Gary Bigeni Collaborates With Artist Matthew Johnson On New Collection

Matthew Johnson and Gary BigeniFor his latest collection, Alignment, designer Gary Bigeni enlisted the help of a Melbourne painter whose optical pieces spoke to his appreciation of form and movement.

As flamboyant Sydney fashion designer Gary Bigeni chats to serious Melbourne abstractionist Matthew Johnson within the Blockprojects gallery context of Johnson’s current show, you can’t help but consider 
the pair an odd coupling. Bigeni, an exotic contradiction of colour 
and graceful demeanour, is the rare macaw to Johnson’s laughing kookaburra, all blokey cool and crack-up humour. But when you see 
how the fashion designer — famous for hiding his technical deftness 
in simple silhouettes — has draped swathes of silk digi-printed with 
the artist’s colour-field dots, you have to declare the love child of 
these unlikely bedfellows a beautiful thing.linebreak

Bigeni x Johnson

“I could see this strong sense of formalism in his drapery and my intuition told me that it would be a good thing to do,” says Johnson, recalling Bigeni’s overture to collaborate on the back of the artist’s exhibition at Tim Olsen Gallery (now Olsen Irwin Gallery) in Sydney 
last year. “I deal with a lot of ‘opticality’ in my paintings and there’s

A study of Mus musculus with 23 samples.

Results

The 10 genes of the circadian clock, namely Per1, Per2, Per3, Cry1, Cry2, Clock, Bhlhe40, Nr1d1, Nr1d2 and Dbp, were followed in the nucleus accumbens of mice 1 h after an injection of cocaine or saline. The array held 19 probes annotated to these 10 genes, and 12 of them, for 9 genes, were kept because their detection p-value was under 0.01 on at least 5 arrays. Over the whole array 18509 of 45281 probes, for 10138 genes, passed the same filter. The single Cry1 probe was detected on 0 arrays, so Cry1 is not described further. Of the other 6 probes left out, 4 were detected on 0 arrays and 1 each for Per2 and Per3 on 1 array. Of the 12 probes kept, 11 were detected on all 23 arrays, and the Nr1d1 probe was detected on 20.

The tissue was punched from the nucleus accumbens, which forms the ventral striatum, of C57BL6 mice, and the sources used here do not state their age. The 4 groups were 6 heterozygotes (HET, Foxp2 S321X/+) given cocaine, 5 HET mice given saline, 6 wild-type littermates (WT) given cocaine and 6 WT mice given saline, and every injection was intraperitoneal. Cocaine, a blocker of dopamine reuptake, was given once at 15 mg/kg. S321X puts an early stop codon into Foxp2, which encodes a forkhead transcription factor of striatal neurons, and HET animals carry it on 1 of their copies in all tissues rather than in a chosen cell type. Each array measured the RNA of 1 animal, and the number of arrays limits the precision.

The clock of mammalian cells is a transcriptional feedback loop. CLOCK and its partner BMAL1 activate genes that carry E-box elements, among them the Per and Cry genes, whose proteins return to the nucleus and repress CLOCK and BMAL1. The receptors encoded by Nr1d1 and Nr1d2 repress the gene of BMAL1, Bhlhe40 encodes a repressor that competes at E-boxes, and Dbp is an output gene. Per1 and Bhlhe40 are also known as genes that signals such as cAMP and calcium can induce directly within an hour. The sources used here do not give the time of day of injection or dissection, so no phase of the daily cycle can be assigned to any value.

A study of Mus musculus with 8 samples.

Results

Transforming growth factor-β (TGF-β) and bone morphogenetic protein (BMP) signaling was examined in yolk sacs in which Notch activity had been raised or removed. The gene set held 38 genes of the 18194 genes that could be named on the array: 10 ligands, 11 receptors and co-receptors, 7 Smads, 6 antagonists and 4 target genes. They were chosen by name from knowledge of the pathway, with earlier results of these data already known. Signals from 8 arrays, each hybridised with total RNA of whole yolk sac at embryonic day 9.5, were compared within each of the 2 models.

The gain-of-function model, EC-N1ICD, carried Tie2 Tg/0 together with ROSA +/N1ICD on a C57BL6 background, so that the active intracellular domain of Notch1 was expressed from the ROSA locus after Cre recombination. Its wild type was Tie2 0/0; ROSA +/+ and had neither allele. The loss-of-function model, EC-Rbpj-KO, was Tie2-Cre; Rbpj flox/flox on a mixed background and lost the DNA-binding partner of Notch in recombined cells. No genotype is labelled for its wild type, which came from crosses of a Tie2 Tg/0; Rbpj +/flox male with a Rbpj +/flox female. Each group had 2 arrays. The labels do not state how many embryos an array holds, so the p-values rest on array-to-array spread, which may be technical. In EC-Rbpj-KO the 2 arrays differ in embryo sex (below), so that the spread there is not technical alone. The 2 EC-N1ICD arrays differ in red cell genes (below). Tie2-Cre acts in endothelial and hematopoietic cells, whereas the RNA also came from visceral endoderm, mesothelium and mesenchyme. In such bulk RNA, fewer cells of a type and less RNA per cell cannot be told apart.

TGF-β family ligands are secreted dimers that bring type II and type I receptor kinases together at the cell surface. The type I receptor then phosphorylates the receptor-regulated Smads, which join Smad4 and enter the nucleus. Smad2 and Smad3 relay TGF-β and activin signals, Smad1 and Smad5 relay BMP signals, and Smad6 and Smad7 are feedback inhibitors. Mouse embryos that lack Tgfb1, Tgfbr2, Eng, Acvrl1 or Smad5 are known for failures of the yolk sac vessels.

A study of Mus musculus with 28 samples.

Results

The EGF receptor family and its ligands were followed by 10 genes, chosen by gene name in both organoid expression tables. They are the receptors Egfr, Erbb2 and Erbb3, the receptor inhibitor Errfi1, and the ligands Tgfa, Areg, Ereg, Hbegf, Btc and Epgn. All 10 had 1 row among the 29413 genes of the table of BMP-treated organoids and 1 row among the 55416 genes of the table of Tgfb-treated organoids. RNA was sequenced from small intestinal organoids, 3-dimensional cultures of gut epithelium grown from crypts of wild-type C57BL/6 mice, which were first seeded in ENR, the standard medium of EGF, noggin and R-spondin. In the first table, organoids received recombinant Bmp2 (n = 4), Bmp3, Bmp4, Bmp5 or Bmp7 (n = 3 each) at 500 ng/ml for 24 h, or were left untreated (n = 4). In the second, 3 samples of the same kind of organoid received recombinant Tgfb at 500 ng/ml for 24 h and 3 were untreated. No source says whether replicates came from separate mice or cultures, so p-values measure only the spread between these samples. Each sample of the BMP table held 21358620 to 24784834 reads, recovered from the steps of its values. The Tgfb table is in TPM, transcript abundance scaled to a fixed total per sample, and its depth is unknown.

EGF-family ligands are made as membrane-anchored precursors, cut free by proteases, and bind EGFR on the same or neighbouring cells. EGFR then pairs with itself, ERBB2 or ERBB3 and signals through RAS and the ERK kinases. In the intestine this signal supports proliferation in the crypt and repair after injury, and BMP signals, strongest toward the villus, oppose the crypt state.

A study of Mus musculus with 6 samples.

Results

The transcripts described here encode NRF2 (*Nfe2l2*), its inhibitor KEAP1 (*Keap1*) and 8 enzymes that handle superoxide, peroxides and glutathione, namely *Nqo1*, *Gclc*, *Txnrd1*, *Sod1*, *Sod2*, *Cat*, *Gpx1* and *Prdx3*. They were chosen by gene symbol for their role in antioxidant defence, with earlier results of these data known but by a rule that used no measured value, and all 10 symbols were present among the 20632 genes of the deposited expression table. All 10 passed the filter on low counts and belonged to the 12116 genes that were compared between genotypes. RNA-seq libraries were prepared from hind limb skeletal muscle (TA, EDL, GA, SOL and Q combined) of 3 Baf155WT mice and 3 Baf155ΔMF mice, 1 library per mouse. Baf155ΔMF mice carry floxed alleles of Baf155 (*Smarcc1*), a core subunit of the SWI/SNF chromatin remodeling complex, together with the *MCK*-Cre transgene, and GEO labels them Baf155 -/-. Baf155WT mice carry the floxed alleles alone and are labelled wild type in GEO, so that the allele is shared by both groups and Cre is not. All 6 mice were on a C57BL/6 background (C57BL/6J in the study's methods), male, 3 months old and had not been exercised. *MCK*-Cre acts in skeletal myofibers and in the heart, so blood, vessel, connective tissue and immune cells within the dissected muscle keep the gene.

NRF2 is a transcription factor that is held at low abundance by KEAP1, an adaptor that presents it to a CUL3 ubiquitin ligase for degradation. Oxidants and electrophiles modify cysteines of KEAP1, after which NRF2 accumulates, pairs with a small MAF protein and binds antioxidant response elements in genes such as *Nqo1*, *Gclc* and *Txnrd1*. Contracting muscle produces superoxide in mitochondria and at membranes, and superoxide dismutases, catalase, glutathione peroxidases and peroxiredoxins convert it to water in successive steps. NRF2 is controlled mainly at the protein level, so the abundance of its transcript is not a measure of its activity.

a lot of movement already going on in the work, even though it gets 
hung on the wall. I became fascinated by the idea of what could 
happen if one of my paintings was reproduced as a piece of clothing. 
Would its movement create a new language for me? Would I end up 
cross-referencing Gary’s clothing in a new kinetic mosaic of colour?”

Bigeni x Johnson

“Besides,” he continues, recalling a favourite photo by Irving Penn that highlights a modelled garment’s “magnificent” movement against the backdrop of Morocco, “this is as close as I will ever get to figuration — clothes draped on a model moving in front of one of my paintings. Why wouldn’t I want to see that?”

Meeting with Bigeni in his Sydney studio on at least five occasions, Johnson aided in the selection of six artworks (both old and new) to be digitally printed onto silk for stitching into a spring/summer collection.


linebreakBigeni attributes his strong colour and line literacy to auditory impairment — “I grew up wearing hearing aids and made all my connections visually” — and says that when he first saw Johnson’s 
work, he knew exactly what it was all about. “I read shape and line, 
and Matthew’s hazy circles across a single canvas related directly to what 
I do — creating movement and colour out of a one-piece pattern rather than multiple seams. His paintings were an infusion of a different layer. 
I wanted to push that.” Calling the resulting collection Alignment for 
its “magic picture” potential to make three-dimensional delight out of 
a focus-shift on coloured shapes, Bigeni begs comparison to the likes 
of master draper Alber Elbaz of Lanvin. It’s a big call, we know, but his committed client base spans all life cycles, style camps and social strata.

“Who knows what the end result is going to be,” muses Johnson of the prospect his art might soon float down the street. “But I do know that 
a little more colour and life is about to lighten our existence.”

Words: Annemarie Kiely
Photography: Lisa Cohen

This story was first published in Vogue Living July/August 2013, on news stands and Zinio now.